The Equine Disease Communication Center (EDCC) has reported that animal health officials have reported a case of Eastern equine encephalitis (EEE) in a horse from Jefferson County, Florida.

“The 6-year-old Quarter Horse mare was a recent rescue and had unknown vaccine history and been transported to Wakulla County days before clinical signs began on Dec. 28, 2016,” the EDCC said. “The mare was euthanized due to a poor prognosis.

“This was the fourth confirmed EEE case in Jefferson County and case 24 in Florida for 2016; cases are maintained by date of onset of clinical signs.”

A viral disease, EEE affects the central nervous system and is transmitted to horses by infected mosquitoes. Clinical signs of EEE include moderate to high fever, depression, lack of appetite, cranial nerve deficits (facial paralysis, tongue weakness, difficulty swallowing), behavioral changes (aggression, self-mutilation, or drowsiness), gait abnormalities, or severe central nervous system signs, such as head-pressing, circling, blindness, and seizures. The course of EEE can be swift, with death occurring two to three days after onset of clinical signs despite intensive care. Horses that survive might have long-lasting impairments and neurologic problems.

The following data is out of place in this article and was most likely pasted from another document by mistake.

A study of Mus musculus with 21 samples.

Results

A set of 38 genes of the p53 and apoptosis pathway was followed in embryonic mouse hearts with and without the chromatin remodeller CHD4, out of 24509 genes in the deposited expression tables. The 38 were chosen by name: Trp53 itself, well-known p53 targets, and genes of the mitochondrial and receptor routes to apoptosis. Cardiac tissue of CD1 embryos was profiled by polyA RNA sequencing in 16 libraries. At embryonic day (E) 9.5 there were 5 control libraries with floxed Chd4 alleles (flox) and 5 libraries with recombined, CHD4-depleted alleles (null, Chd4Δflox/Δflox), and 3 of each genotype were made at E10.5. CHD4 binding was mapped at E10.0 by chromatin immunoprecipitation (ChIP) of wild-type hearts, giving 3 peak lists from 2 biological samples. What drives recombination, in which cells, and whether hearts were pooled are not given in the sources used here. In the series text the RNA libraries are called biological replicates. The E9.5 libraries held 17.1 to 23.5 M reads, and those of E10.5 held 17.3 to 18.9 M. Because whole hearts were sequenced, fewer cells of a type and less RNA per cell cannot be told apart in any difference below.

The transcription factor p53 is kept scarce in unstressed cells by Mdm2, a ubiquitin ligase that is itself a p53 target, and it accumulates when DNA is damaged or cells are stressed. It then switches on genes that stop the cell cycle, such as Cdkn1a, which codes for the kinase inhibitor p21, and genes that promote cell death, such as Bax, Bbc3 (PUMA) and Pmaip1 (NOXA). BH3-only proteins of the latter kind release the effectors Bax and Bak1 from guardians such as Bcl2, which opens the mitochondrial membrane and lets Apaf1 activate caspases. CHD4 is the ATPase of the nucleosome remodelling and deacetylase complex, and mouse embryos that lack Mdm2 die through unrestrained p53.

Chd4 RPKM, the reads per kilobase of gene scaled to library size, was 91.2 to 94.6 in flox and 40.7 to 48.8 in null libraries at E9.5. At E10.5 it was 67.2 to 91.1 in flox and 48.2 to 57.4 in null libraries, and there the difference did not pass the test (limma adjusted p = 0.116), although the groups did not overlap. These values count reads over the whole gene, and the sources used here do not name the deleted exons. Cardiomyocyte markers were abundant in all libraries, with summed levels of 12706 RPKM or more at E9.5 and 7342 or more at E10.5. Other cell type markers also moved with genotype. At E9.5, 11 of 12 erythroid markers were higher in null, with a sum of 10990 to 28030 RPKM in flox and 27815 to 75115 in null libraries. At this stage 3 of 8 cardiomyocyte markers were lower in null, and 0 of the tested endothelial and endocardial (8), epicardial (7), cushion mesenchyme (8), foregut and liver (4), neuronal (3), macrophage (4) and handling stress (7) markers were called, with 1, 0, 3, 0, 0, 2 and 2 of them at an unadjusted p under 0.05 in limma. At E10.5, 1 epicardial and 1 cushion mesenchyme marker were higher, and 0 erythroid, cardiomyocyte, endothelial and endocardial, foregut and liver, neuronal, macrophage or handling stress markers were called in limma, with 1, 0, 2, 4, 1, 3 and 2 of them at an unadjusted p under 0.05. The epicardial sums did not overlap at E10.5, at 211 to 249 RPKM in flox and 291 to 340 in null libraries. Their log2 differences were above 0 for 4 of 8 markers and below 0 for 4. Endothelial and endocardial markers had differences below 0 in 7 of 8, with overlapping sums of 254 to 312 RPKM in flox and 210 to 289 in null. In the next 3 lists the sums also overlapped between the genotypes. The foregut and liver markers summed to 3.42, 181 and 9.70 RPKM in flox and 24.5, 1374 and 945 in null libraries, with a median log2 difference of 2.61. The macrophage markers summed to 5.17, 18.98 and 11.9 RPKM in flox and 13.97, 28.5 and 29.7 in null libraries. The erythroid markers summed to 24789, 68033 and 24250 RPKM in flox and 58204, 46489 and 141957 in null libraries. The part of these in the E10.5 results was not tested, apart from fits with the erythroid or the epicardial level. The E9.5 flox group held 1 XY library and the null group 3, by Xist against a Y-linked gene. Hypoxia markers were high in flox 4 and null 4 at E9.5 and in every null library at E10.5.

In addition to vaccinations, horse owners also need to reduce the mosquito populations and their possible breeding areas. Recommendations include removing stagnant water sources, keeping animals inside during the bugs’ feeding times, which are typically early in the morning and evening, and using mosquito repellents.